Monday, April 4, 2011

History: The First Sack of Cartagena

By the mid-1500s, the city of Cartagena was the jewel in Spain’s New World crown. The city, which would rival Havana in its cosmopolitan splendor, was awash in wealth of every kind imaginable. As a large port, Cartagena was a destination for goods and raw materials from all over South and Central America. Spices, exotic animals, gold, silver, gems and people, just to name a few, would be loaded onto the infamous treasure galleons for shipment first to Cuba and then on to Spain. It is little wonder that over the course of two hundred and fifty years Cartagena was a consistent target for seadogs, buccaneers and pirates.
Many of the attempted raids were repulsed, or never got off the drawing board at all. Henry Morgan thought about it but decided on Panama instead. Treasure ships were taken as they left Cartagena by men like Woodes Rogers and Laurens de Graff. Then, in 1811, Cartagena turned the tide and declared her freedom from Spain. At that point the Governor began handing out letters of marque to men like my own ancestor Renato Beluche, sending them ironically off to prey on Spanish shipping. But before all that, in 1586, Francis Drake proved that the infamously well fortified city could be taken, emptied of its riches and ransomed by the right leader with the right force.

By January of 1586 Drake, the once and future pirate, was in possession of a letter of marque from Queen Elizabeth I. He commanded a fleet of ships headed by his six hundred ton flagship Elizabeth Bonaventure. 2,300 soldiers accompanied his equally numerous sailors and the air of a naval presence settled upon his flotilla. Having proven that piracy and/or privateering against the Spanish could be both personally profitable and patriotic, Drake was a national hero with no intention of slowing down. England and Spain were at war, and the seadog was bent on doing every damage possible to the enemy. Particularly the enemy’s wallet.

On January 10, Drake and his men landed at Hispaniola, captured and sacked the capital of Santo Domingo. The city was burned, everything not nailed down was loaded into prize ships and sent back to England and Drake was paid a ransom of 2,500 gold ducats. The carnage and rapine ended on February 11, when Drake and his army sailed off to the next golden shore.

That unfortunate harbor was Cartagena. Considered virtually impenetrable until the fateful morning of February 19, 1586, the city’s fall was a combination of excellent strategy on Drake’s part and horrible bad luck on the Spanish side. Cartagena’s Viceroy Pedro Fernandez de Bustos had plenty of warning regarding Drake’s assault on Santo Domingo as some of the wealthier refugees had fled to his city. He had managed to assemble a force of some 500 armed soldiers and enlisted the aid of the well known and mellifluously named Admiral Pedro Vique Manrique who had two large galleons at anchor in the harbor. Unfortunately, the stories of Drake’s massive flotilla seemed to erode the courage of both leaders, and their men grew just as anxious.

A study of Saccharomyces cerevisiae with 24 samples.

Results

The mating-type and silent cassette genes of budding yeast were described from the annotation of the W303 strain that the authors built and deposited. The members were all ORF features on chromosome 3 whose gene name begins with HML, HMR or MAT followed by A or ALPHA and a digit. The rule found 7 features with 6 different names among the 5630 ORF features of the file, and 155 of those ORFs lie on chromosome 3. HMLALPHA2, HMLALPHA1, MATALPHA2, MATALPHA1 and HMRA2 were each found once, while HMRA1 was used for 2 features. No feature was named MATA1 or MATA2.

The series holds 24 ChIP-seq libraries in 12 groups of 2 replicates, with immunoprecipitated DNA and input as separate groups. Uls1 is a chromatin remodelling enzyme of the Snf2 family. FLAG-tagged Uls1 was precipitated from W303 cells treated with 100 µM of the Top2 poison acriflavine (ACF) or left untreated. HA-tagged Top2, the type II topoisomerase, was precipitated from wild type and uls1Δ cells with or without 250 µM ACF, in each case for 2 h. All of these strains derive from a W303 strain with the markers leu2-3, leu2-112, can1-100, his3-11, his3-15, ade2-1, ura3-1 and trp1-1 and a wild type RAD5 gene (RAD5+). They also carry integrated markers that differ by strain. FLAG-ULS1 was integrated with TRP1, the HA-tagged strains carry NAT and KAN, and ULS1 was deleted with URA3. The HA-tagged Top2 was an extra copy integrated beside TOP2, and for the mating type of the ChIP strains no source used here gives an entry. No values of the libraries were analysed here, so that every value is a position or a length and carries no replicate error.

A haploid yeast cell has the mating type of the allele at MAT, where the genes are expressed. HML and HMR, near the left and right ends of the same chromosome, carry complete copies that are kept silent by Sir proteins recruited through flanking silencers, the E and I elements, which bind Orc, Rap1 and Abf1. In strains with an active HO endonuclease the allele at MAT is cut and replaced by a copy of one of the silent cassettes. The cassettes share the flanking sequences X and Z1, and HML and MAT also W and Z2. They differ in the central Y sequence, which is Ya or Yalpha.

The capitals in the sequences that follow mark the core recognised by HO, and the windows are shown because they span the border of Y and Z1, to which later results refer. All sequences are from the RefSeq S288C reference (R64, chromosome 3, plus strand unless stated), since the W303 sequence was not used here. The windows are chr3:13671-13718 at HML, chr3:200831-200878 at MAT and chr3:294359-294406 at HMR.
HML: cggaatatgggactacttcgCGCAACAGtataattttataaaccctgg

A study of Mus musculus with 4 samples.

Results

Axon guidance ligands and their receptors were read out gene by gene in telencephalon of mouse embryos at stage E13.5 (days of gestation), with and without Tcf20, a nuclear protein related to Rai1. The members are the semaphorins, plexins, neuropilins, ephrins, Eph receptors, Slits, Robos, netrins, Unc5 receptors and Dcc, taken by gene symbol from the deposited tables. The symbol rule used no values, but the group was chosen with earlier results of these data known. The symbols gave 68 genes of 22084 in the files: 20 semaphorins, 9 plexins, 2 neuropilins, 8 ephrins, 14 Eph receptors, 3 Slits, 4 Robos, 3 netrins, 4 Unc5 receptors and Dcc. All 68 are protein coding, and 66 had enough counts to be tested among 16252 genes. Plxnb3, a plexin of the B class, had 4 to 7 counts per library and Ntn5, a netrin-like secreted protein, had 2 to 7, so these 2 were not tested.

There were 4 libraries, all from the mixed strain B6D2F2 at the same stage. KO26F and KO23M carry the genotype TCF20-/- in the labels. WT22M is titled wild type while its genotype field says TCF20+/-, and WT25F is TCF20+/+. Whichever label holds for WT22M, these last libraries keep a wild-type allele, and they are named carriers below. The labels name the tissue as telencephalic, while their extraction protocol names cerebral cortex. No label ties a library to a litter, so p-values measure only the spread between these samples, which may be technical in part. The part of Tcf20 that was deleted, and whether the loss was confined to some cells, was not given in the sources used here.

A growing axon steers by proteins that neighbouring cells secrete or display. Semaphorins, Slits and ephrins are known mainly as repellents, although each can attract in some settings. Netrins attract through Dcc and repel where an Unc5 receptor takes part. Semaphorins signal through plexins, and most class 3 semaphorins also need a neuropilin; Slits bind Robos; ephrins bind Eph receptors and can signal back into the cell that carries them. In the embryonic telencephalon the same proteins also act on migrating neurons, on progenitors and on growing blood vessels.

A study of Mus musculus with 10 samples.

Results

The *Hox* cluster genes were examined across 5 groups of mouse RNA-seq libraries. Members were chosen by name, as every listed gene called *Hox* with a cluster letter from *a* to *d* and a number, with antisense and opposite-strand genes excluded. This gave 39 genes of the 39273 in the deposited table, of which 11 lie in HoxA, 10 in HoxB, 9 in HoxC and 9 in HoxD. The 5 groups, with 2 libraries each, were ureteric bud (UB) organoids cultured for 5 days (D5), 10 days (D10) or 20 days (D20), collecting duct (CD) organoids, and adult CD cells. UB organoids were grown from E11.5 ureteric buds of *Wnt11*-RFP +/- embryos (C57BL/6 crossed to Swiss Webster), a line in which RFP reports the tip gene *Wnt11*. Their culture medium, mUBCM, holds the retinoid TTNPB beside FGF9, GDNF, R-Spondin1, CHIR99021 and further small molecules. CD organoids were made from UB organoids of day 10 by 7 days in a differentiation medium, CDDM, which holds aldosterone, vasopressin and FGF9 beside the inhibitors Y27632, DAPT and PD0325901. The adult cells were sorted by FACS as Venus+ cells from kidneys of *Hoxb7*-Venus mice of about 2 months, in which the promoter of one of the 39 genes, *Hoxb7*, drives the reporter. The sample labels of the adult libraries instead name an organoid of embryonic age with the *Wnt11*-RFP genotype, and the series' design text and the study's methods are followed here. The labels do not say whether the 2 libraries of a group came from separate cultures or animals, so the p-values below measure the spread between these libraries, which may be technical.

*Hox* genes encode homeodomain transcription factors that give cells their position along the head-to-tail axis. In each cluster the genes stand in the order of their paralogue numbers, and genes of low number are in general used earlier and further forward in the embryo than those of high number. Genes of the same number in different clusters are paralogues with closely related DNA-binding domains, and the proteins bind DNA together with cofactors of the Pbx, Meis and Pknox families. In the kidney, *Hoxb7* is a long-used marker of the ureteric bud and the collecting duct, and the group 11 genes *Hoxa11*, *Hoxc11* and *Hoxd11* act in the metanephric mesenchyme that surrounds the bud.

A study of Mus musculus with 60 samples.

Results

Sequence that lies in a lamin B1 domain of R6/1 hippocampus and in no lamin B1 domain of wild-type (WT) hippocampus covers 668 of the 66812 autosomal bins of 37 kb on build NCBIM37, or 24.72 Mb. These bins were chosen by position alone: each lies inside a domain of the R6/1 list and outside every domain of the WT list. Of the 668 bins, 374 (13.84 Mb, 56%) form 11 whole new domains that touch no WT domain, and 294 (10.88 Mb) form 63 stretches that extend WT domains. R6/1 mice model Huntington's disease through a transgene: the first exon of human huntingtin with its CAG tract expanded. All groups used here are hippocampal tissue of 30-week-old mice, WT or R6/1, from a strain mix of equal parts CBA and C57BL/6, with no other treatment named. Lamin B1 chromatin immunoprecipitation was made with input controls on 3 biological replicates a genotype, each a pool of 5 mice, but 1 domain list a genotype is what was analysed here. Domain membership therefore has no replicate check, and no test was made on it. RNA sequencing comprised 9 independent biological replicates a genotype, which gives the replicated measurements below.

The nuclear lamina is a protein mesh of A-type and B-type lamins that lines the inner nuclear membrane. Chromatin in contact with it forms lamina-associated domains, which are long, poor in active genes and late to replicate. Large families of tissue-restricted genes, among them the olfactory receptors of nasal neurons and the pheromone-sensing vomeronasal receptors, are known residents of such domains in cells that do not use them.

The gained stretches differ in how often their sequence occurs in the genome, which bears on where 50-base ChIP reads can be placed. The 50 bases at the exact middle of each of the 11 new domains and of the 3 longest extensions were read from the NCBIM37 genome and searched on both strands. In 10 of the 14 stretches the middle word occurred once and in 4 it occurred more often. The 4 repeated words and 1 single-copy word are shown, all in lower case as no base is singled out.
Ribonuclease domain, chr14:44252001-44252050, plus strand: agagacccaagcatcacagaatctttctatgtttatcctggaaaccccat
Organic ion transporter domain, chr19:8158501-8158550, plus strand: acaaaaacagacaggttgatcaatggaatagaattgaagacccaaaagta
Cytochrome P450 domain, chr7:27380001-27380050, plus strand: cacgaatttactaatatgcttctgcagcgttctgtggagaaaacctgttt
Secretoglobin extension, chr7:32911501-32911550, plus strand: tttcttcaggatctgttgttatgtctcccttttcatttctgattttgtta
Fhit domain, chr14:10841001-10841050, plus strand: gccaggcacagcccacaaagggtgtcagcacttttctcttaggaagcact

Drake sailed right into Cartagena’s outer harbor on the evening of the 19th. He immediately landed 600 soldiers under the veteran Christopher Carleill who took his men north to assault the city from the inland jungle. Meanwhile Drake’s sailors took boats out to scout the fort of Boqueron under cover of darkness. At dawn, Carleill engaged a group of Bustos’ soldiers, causing a break in ranks that scattered the Spanish.

Meanwhile, Admiral Manrique grounded both his galleons and his men, too, left their posts. Jumping ship, they ran for the jungle rather than face the ruthless ladrons. Drake won the day through terror more than muscle. By the 21st the city had officially fallen. Interestingly, only seven Spaniards were killed in the two day engagement while some 30 Englishmen lost their lives. The citizens who could escaped to the jungle. Those left behind were “persuaded” to give up anything of value. Buildings – including the Cathedral – were stripped of all their wealth. Finally Bustos met with Drake and ransomed his unfortunate city for 107,000 gold ducats. Drake, being a businessman, gave Bustos a receipt for his payment.

Drake and his men sailed off with their haul in April, touching at Virginia before returning to England. The unprecedented success of Drake’s cruise brought him further recognition from his monarch and drew the attention of other like-minded men. Privateering became a respected profession in Britain, eventually leading to the establishment of one of the greatest Navies the world has ever seen. Modern scholars estimate that during the period from Drake’s sack of Cartagena to the end of England’s war with Spain in 1603, around 150 privateering ventures were mounted in Britain every year bringing home an average of 200,000 pounds per year in Spanish prizes. And only the Spanish could argue with that.

Header: Chart of Drake’s Raid on Cartagena by Baptista Boazio


dejacobs said...

Another great entry, oh Piratical One. Connor and I were talking about this just this past weekend.

Blue Lou Logan said...

Ahoy, Pauline! "mellifluously named Admiral Pedro Vique Manrique"--I love that.

Pauline said...

Ahoy DEJ and Blue Lou!

D: I know your a Drake fan and I'm betting Connor is too. Good call!

Lou: I have serious plans to one day own a Chihuahua named Admiral Vique Manrique.

Timmy! said...

Ahoy, Pauline! Drake is always fun to talk about... and wasn't this story part of the inspiration for "The Sea Hawk" with Errol Flynn? Please forgive me if I am mistaken about that, Pirate Queen.

Pauline said...

Ahoy, Timmy and yes it was to some degree although Drake's unsuccessful march across the Darien Gap was a bit more to the fore. In fact, the slaves in Admiral Vique Manrique's galleons escaped, brutalized any Spanish sailor they could catch and joined Drake's men. Sound familiar?